If you are considering buying your first home, as a guide, you will need to save between 5 and 20% of the purchase price, so if you are looking to spend £125,000 to get your foot on the first rung of the property ladder, you will need a deposit of £6,250. The more deposit that you can save, the easier it will be for you to obtain a wider range of mortgages.
Set a target for the level of deposit that you are aiming for and budget to set funds aside regularly to hit that target.
If you have a 5% deposit, the Government Help to Buy Scheme could make either a new or existing home more affordable. Under the Help to Buy Scheme there are two options available to help first time buyers. These are: Equity Loans and Mortgage Guarantees.
Equity Loans are only available for those buyers who are acquiring a brand new home. You are able to borrow 20% of the purchase price, interest free, for the first 5 years providing you put down your 5% deposit saved.
Mortgage Guarantees are available for both brand new and second hand properties. The Government will basically underwrite any losses that your lender incurs if the mortgage is not repaid. The level of equity loans and mortgage guarantees are governed by limits which were set down by both schemes dependent upon where you live in the UK. Further advice can be given on this aspect.
In December 2015, Help to Buy ISAs were introduced and are specifically geared to help first time buyers regularly save for a deposit for their home. Any money put into the savings scheme will be topped up by 20% from the Government. So for every £200 you save, the Government will add a further £50!
The maximum the Government will contribute to your fund is £3,000 which means the most you can save within a Help to Buy ISA is £12,000. Similarly there is a minimum you can save to qualify which is £1,600. Help to Buy ISAs are available for each first time buyer so if you are buying a property with a Partner who is also a first time buyer, you can get a maximum contribution of £6,000 from the Government towards your deposit.
Shared ownership is a blend of renting and buying which is predominantly aimed at first time buyers. You can buy a share in a home from the Freeholder of that property which often is either a Local Authority or a Housing Association and you would pay a pro-rata element of rent on the part of the property that you don’t own. Shared ownership schemes have been put in place to help local residents who possibly don’t earn enough to own a property outright. Sometimes people over the age of 55 or possibly those who have a long term disability may also qualify to buy a property in shared ownership.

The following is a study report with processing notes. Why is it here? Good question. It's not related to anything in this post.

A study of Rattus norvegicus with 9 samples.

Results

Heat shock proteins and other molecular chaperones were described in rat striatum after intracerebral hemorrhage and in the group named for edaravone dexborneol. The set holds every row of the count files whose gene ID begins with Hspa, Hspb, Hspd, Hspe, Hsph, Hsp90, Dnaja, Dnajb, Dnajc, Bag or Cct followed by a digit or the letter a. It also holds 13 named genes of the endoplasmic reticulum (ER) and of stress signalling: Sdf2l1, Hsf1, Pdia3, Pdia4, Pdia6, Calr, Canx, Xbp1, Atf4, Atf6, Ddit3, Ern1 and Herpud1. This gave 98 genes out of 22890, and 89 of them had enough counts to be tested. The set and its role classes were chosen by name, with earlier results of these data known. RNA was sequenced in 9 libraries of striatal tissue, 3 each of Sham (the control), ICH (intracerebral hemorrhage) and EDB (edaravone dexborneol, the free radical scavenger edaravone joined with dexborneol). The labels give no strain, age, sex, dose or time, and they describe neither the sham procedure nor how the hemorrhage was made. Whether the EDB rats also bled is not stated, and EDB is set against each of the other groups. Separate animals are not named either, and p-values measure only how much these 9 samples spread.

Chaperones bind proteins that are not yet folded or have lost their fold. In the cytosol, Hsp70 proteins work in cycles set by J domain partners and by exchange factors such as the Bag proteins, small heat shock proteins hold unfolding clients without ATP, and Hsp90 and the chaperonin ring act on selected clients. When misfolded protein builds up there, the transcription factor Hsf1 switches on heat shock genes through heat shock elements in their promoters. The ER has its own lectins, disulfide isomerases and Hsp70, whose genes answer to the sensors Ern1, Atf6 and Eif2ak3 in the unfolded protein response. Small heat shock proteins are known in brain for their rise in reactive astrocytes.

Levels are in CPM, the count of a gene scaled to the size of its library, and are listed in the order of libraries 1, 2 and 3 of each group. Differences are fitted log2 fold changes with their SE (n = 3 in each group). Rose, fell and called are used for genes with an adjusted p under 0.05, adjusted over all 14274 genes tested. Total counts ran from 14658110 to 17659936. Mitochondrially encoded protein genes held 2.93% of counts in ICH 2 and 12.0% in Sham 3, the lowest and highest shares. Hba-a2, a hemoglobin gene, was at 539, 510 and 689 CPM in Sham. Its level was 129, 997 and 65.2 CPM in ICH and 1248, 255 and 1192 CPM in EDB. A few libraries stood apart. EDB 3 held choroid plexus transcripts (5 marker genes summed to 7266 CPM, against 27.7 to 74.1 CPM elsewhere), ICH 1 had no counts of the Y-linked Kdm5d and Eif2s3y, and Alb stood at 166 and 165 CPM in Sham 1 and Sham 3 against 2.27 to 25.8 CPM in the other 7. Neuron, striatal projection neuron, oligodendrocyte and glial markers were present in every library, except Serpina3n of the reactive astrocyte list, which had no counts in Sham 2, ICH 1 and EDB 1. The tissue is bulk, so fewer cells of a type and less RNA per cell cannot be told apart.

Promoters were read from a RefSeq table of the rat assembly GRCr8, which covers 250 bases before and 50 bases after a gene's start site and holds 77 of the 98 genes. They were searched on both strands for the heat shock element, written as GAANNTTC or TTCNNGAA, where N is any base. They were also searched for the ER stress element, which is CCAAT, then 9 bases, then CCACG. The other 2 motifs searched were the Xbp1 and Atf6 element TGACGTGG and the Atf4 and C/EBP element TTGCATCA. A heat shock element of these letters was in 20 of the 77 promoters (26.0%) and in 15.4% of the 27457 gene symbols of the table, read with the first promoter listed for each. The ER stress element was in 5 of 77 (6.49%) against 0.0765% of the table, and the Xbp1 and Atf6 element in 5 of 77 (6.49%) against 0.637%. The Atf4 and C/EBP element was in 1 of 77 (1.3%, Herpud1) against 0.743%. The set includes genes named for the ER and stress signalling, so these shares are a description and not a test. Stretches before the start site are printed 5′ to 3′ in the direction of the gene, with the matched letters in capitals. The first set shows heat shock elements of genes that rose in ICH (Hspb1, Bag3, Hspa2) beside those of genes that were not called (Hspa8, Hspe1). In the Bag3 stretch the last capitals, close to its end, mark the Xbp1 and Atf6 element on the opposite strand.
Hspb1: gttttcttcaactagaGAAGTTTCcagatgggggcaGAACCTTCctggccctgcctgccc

The share that can be acquired usually ranges from between 25 to 75% and you would need to take out a mortgage for that part of the property. Frequently, at a later stage, you will be given the opportunity to acquire additional equity in the property.
The Government is still pursuing a policy allowing Council Tenants a “right to buy” their Council home at a discounted rate. The level of discount depends upon the time that you have been a Council Tenant which can amount to as much as 50% of the perceived value of the property. Usually you will need to have rented from the Council for at least 3 years to qualify for a discount albeit that the 3 years need not necessarily be consecutive.
There are “Right to Acquire” schemes which are offered by Housing Associations in both England and Wales. The discounts under these circumstances are slightly smaller than Right to Buy but are nonetheless worthwhile.
You may be able to revert to a guarantor mortgage whereby parents, relatives or friends are prepared to underwrite the mortgage repayments in the event that you are unable to meet them.
Before you make arrangements of this kind, please be fully aware of all the risks which are associated with such arrangements. As the Guarantor you would be responsible for the loan if the home owner defaulted. Failure to make payments could impact not only the credit rating of the owner but also yourself as Guarantor.
Buying jointly with friends or family is becoming increasingly common as property values have risen dramatically over recent years.
The benefits are that you can share the expense of the deposit and thereafter mortgage repayments along with maintenance costs and general house bills.
Complications can arise in the future when one party wishes to sell and the other does not and/or when one party pays their appropriate contribution and the other one fails to do so. There may be merit in producing a legal document to cover shared responsibilities and commitments which should specifically deal with the mechanics for a sale should one party wish to sell and the other be less enthusiastic!
For further advice on any of the topics covered above, please do not hesitate to contact either of the offices of Lex Allan.